There's nothing like having a court decree on your side to go after someone who owes you money. In Motley Fool Stock Advisor recommendation InterDigital's (Nasdaq: IDCC ) case, a federal district court judge confirmed a $134 million arbitration award that the wireless innovator won against Samsung for royalties on past sales of wireless devices.
News of the court backing fueled an 18% rise in InterDigital's stock yesterday, as investors now see Samsung forced to pay up. While Samsung can appeal the court's declaration, InterDigital noted that the device maker would have to post a bond to do so.
InterDigital has been wrangling with Samsung for years, attempting to get paid for royalties on millions of devices being sold to carriers such as Verizon Wireless ---a joint venture between Verizon Communications (NYSE: VZ ) and Vodafone -- and Sprint Nextel (NYSE: S ) through 2005. One major point of dispute has been the level of royalty due. Samsung wants to use an agreement between Nokia (NYSE: NOK ) and InterDigital as a yardstick to come up with an amount less than $134 million. But InterDigital has stuck to its guns, and it looks like it will take home the larger prize.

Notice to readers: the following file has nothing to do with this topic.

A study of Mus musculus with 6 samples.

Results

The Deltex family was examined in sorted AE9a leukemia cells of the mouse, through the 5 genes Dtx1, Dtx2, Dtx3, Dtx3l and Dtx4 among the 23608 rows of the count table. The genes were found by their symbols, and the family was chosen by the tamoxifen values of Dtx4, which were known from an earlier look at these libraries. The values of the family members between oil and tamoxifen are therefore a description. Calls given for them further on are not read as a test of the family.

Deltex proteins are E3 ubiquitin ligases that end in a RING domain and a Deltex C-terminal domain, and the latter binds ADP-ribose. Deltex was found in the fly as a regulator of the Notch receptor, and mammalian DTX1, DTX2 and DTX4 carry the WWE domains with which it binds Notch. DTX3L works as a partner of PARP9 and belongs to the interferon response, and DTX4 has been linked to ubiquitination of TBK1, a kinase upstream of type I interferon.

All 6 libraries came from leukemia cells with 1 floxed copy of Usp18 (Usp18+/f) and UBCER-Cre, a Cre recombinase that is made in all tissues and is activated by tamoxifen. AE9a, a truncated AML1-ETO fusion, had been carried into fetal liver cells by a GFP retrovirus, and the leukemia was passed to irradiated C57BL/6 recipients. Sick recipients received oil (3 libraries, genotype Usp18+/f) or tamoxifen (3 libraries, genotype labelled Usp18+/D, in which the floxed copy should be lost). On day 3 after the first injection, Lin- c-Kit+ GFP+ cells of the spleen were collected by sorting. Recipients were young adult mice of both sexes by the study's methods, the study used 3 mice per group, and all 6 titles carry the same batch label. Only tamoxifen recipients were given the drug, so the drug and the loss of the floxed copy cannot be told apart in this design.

However, if InterDigital does manage to collect on this ruling, it will only represent a portion of what it thinks Samsung owes. The arbitration in this case only accounted for use of intellectual property for second-generation (2G) devices. Samsung is busily churning out advanced 3G devices, which according to InterDigital also use its patents.
These devices are also being sold across more carriers, such as AT&T (NYSE: T ) and Deutsche Telekom's T-Mobile. Seeing how effectively Broadcom (NYSE: BRCM ) has won arguments against Qualcomm (Nasdaq: QCOM ) in front of the U.S. International Trade Commission (ITC), InterDigital has filed a complaint there to force Samsung into a corner as well.
While the lawyers at InterDigital can raise their glasses of bubbly and breathe a little easier today, the check isn't in the bank yet. Final payment may be dragged out further, and there's still plenty of work ahead, with many more legal battles remaining.